NEWS

Suicide rate declining, but many teens still consider killing themselves

John Hilliard

The numbers of teens facing feelings of loneliness and despair in Massachusetts are declining, but a large portion still seriously consider killing themselves, according to experts and a state high school survey.

``You take every request (for help) very seriously,'' said Bob Berardino, Marlborough High School's guidance department coordinator. ``You don't blow it off.''

According to the state Department of Education's Youth Risk Behavior Survey from 2005, suicide among high schoolers fell significantly over the preceding decade. But overall, more than one-eighth of the state's high students seriously considered killing themselves that year, according to the report.

Across the U.S., there is one suicide for every 100 to 200 attempts among young adults ages 15 to 24 years old, according to the Centers for Disease Control.

At Marlborough High, officials push for better communication between counselors and students. Counselors also rely on teachers and staff to report potential problems with kids.

``We really try to keep a pretty good pulse on kids,'' said Berardino.

Students are called on to alert staff about friends who could be thinking about suicide, as well.

Adolescence ``is a period of time for kids (that) is very stressful,'' he said.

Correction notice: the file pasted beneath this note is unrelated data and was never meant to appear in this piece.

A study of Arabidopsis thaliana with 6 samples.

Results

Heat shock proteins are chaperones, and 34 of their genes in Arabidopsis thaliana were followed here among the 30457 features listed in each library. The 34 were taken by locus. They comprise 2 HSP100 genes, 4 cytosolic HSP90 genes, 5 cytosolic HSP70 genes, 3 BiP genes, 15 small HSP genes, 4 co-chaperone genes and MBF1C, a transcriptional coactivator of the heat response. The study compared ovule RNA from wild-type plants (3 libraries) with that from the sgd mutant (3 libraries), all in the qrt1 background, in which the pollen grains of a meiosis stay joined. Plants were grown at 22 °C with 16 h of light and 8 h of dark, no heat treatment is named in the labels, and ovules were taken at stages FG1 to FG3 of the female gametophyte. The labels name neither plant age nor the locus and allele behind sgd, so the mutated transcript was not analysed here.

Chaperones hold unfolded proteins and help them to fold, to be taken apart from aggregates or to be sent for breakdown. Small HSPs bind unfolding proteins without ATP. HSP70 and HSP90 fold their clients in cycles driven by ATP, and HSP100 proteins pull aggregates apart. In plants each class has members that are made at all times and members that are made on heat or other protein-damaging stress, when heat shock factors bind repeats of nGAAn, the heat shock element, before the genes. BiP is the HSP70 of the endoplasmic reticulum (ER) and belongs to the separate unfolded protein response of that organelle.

Health classes in both Marlborough and Milford include covering mental health and suicide.

Albert Mercado, Milford's guidance and career coordinator, said counselors work closely with parents to let them know if a child is contemplating suicide or showing signs of depression.

``The guidance counselors make sure (students are) aware of the (services) they're eligible for,'' said Mercado.

According to DOE state report, some groups of students - including those in special education, users of drugs or alcohol, plus kids who are homeless or experience violence - were more likely than their peers to report a suicide attempt.

The 2005 survey, the most recent available, polled more than 3,500 students in grades 9 through 12.

In 2005, more than 6 percent of students reported an attempt at suicide - a lower number than the 10.4 percent of kids who reported a similar act in 1995.

In 2005, about 12 percent of kids reported making a suicide plan and about 13 percent of students polled reported seriously considering suicide in the past year.

Girls were more likely than boys to intentionally hurt themselves and seriously consider suicide. Attempted suicide rates for girls were slightly higher than those for boys in 2005, according to the report.

But students with emotional connections to a family member - one they were comfortable talking to - were less likely to attempt suicide, researchers learned.

``Involvement is the key,'' said Betsy Reid, vice president of residential and day services at Wayside Youth and Family Services in Framingham.

``Our experience is the better connected you are to a community - that often is a deterrent'' to feelings of loneliness, said Reid.

But some kids who participate in sports or tough educational programs can face overwhelming pressure and are driven to suicide after feeling like they don't measure up to their peers, she said. At Wayside, some of the teens the group helps face a higher rate of suicide, and noted the ages of when kids consider killing themselves is getting slightly younger than in the past, she said.

For teens with emotional troubles, school can be the best place to get help.

``The best place for quick action is to go straight to school personnel,'' she said.

John Hilliard can be reached at 508-626-4449 or jhilliar@cnc.com.